Last Updated: Friday - 09/24/2010
Week of May 26, 2008
Homeless advocate sees Jesus in street people
By DEBORAH GYAPONG
"They (street people) are filled with self-reproach and often with rage,"
"People will know what is their value, without my saying anything," she said.
But Graves did not always believe in God. Her faith journey began when she was 24, severely depressed, unmarried and unemployed, waiting at a pay phone to hear the results of a pregnancy test. Her doctor told her she was pregnant, but not to worry, he could get her an abortion.
She dropped the receiver and walked to a nearby beach. The whole ocean seemed to be teeming with life. The air seemed full of life.
A God she did not believe in spoke to her, clearly and distinctly. "Do not be afraid. I have a place and a purpose for this child."
"It was so undeniably God who spoke to me," she said. "There was nothing in me that wanted to refuse that voice."
She found a job, had the baby and loved the child beyond what she thought she was capable of.
Her work brought her to the Downtown Eastside and there she came in contact with the down-and-out people she found so difficult to love.
"Jesus got in my face," she said. He used the Scripture passages in a red-letter Bible, where the sayings of Christ were printed in bright red.
The passages in Matthew 25 about Jesus being naked, hungry, sick and imprisoned jumped out at her. She realized that it was not good enough to be kind and to do her job.
"I have to do my faith and integrate my beliefs without saying a word."
"It was only enough to love the way he loved the people on the street," she said. "He loved them even more than I loved my little daughter."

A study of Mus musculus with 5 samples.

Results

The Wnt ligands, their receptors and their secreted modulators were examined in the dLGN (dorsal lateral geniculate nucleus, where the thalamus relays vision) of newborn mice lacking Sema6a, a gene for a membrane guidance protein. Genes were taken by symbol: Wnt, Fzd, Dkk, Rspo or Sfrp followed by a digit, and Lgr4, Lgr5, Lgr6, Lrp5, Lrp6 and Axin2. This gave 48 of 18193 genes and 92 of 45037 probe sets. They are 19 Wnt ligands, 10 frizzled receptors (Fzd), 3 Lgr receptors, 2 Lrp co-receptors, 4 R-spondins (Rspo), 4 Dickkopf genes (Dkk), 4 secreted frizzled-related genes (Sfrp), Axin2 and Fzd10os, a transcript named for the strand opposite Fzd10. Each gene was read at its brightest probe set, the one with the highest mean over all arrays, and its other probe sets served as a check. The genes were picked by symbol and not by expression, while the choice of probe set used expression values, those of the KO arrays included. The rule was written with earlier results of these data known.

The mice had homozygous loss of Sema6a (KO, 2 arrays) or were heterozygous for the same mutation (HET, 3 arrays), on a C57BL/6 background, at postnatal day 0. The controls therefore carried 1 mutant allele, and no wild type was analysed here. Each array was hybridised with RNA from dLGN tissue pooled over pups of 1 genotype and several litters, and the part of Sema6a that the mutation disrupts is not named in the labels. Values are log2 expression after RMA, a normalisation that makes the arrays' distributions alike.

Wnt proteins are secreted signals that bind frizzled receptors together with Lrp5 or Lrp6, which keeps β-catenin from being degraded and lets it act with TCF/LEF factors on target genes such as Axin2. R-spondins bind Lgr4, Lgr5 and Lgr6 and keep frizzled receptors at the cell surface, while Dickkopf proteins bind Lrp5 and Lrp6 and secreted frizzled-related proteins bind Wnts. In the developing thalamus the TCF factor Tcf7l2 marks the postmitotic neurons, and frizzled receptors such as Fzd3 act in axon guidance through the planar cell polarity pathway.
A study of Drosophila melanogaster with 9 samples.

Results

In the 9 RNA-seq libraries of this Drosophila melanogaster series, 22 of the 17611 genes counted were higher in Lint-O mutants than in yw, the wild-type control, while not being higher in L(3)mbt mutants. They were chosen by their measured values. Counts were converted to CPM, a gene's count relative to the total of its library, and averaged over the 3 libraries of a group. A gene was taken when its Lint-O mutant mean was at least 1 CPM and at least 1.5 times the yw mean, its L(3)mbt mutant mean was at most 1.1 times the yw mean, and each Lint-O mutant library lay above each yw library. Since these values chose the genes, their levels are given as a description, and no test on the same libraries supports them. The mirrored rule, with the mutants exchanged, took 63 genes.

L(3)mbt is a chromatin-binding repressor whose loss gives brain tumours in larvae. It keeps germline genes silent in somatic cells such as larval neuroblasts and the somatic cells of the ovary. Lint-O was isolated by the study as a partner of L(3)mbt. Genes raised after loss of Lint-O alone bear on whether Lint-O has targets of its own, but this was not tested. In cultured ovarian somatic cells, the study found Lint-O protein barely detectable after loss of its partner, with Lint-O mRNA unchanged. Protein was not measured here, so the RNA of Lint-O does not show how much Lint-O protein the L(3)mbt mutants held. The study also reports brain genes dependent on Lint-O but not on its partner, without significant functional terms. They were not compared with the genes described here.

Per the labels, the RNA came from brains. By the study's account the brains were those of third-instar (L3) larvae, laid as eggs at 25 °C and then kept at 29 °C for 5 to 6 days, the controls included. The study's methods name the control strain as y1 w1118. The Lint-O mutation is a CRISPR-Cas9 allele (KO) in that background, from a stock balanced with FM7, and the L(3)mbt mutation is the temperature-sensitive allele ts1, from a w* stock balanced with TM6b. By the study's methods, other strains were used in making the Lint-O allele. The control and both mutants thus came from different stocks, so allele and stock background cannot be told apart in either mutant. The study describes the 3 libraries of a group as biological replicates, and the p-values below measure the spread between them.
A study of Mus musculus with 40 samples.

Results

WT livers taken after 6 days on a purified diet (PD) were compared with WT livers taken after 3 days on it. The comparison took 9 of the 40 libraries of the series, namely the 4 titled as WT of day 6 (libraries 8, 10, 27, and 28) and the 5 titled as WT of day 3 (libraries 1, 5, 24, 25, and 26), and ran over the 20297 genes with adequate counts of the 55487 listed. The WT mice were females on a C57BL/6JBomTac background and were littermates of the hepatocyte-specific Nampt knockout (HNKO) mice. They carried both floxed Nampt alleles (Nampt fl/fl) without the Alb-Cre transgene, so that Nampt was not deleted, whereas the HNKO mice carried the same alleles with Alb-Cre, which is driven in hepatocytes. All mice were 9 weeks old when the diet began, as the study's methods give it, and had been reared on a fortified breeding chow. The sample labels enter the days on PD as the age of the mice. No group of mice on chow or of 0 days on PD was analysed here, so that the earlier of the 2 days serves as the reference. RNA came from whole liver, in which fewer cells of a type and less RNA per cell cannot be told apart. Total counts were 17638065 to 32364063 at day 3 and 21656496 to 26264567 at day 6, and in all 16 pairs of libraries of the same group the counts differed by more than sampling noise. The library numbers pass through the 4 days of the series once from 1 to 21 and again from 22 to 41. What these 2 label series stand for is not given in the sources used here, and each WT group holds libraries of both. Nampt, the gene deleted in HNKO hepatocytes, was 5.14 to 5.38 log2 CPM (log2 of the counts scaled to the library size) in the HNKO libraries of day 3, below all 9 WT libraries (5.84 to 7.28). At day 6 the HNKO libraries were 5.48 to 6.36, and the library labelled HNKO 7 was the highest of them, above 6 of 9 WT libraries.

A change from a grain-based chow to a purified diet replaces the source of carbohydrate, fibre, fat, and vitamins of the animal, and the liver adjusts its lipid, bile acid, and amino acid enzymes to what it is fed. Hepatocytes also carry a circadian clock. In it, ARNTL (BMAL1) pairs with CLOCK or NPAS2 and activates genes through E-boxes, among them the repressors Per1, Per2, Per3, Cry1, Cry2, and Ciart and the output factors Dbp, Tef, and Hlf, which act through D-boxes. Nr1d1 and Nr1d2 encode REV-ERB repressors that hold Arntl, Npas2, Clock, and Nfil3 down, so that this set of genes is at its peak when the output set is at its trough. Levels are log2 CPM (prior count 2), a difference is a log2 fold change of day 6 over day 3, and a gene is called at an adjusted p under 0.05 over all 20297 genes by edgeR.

"I knew I could not do that," she said. It has been a lifelong work to learn to love the way God does.
Her work among street people began in 1974. She has begun to be able to see Christ in the people she works with, but the experience surprised her.
She had wrestled with whether she was a good enough person to see Jesus - "I believe in God's goodness. I cannot deserve to see Jesus."
She wasn't sure what she was expecting, but she was sure it would be "an extremely pleasant experience."
Instead, the first time it happened, she found it overwhelming. She experienced herself as she really is. She could no longer see the sins of the person in front of her because she was so overcome by her own.
The people she serves come from across Canada and from all walks of life. They are priests and pastors driven mad by Church politics; lawyers and architects who became cocaine addicted; people who experience 20 or more foster homes in their childhood; ex-cons who spent 20 years in prison for murder.
Sometimes it is hard to awaken people on the street. Sometimes she has arrived too late and the person is dead.
What usually starts a conversation is her asking, "Would you like a cigarette?"
All are sleep-deprived, cold, hungry, deprived of safety, malnourished.
Their teeth are often missing, and those that remain are rotten and painful.
Many suffer from chronic pain from hard physical labour or unhealed childhood beatings.
When the conversation starts, they talk about being consumed by fear, loss and grief. They have lost their families, their sense of self, their jobs, their homes, their communities.
"They are filled with self-reproach and often with rage," she said.
Graves blamed gentrification for the rise in homelessness. As urban land values rise, the poor get driven out of their homes.
A non-partisan, nondenominational event, the National Prayer Breakfast included Scripture readings by representatives of the four political parties in Parliament and music by Christian recording artist Steve Bell.